Should I Gift or Loan money to my children?
Understandably, the question of whether to gift or loan money to children often arises, especially when they are in the process of purchasing their first homes and are looking for financial support from their parents. It becomes crucial to consider various scenarios to better comprehend the implications of each decision.
In the first scenario, a gift of $900k is given to Mary by her parents to purchase a home. After getting married to James and then deciding to separate after a decade, under the Family Law Act 1975, their home is considered an asset of their marriage. Consequently, the Federal Circuit and Family Court of Australia ruling states that James is entitled to half of the property value ($450k), completely disregarding the fact that the funds originated as a gift from Mary’s parents. This outcome, sadly, is not uncommon and teaches a vital lesson: lending large amounts of money to children is often wiser than gifting them. Such a measure ensures the protection of your assets from potential loss.
Now consider a second scenario where Mary’s parents decide to lend her $900k under a Parent Loan Agreement. With this loan, Mary is able to buy a home and later gets married to James. After ten years, their marriage breaks down, and they decide to separate. The home, valued at $900k, is their only marital asset.
Related: Financial gift from parents
Loan Agreement Under Family Court Of Australia
Upon presentation of the Loan Agreement to the Federal Circuit and Family Court of Australia, James is awarded nothing because the assets of the marriage are effectively null. This outcome occurs because the value of the house ($900k) equals the loan ($900k). Thus, this scenario underscores the importance of devising a legally sound Loan Agreement to safeguard your loan.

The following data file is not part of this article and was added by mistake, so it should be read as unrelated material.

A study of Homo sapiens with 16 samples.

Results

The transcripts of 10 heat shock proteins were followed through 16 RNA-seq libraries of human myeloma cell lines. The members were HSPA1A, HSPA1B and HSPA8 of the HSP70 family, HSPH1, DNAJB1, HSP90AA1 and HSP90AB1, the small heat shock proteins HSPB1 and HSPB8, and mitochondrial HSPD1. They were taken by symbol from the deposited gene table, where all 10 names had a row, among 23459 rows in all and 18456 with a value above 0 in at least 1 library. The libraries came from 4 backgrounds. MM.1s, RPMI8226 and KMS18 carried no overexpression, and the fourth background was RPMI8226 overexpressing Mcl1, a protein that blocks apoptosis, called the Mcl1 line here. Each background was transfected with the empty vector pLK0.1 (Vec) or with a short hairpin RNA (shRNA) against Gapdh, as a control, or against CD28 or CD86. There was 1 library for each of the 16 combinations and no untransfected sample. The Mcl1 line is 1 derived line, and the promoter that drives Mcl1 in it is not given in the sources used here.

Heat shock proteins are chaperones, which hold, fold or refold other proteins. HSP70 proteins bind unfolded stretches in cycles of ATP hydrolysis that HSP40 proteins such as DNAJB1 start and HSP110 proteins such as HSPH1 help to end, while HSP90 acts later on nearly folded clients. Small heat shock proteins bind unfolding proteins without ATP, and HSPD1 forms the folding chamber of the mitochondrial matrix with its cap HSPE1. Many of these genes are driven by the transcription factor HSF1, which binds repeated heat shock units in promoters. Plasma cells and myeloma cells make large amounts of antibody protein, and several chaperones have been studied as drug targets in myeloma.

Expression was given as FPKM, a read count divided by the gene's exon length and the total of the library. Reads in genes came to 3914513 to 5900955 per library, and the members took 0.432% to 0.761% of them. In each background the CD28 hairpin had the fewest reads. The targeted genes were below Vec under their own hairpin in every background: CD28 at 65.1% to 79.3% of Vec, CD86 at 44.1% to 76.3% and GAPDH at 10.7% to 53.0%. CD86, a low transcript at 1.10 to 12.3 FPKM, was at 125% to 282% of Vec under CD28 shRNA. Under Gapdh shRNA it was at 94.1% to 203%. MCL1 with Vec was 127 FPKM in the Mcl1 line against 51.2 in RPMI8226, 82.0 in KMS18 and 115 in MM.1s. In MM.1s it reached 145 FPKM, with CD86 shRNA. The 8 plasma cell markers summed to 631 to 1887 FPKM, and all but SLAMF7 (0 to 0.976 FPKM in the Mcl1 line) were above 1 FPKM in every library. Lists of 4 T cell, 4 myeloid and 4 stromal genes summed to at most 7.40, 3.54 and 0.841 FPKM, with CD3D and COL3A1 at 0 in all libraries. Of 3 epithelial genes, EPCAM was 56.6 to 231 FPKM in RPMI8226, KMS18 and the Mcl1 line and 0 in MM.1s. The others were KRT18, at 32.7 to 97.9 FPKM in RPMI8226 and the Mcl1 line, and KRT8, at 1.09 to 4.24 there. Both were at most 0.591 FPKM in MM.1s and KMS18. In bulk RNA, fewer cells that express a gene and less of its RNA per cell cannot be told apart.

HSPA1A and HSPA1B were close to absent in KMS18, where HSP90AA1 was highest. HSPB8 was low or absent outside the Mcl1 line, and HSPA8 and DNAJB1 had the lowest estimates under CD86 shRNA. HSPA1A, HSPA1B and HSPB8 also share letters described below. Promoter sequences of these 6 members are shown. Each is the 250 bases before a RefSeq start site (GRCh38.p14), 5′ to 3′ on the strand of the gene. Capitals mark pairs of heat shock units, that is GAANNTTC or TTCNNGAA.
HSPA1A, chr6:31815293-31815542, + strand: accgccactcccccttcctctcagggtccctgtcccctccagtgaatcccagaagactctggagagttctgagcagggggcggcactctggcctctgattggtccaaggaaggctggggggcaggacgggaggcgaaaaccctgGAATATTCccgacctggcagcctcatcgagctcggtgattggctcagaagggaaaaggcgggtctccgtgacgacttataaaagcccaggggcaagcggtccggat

The emotional elements involved in such decisions cannot be ignored. Providing financial support to our children is not inherently flawed. Indeed, there are many instances where we choose to help, such as when they are buying their first car, paying education fees, handling medical expenses, or purchasing a property.
The trend of helping children with home payments is on the rise. Nonetheless, gifting money outright carries inherent risks. Therefore, it is crucial to protect this money against unforeseen circumstances, which may include divorce, bankruptcy, substance dependency, mental health issues, or a situation where you deplete your funds during retirement.
Lending vs Giving Money To Children
It is recommended to ‘lend’ rather than ‘give’ money to your children. This loan should be ‘payable on demand’, providing the option to recover the funds if situations go south. Consider the transaction similar to a bank providing a loan to your children.
Creating a loan agreement for your children not only protects your interests but also shields your child. This strategy offers the possibility to forgive the loan at some point in the future, either during your lifetime or in your Will. In terms of loans to children, verbal agreements should not be relied upon exclusively. The necessity for written, legally-binding documentation is vital. Such measures ensure security and prevent potential disputes or losses.
In conclusion, while gifting money to children might seem like the most loving and straightforward route, it often pays to take the time and effort to structure these transactions as loans, protected by legally robust agreements.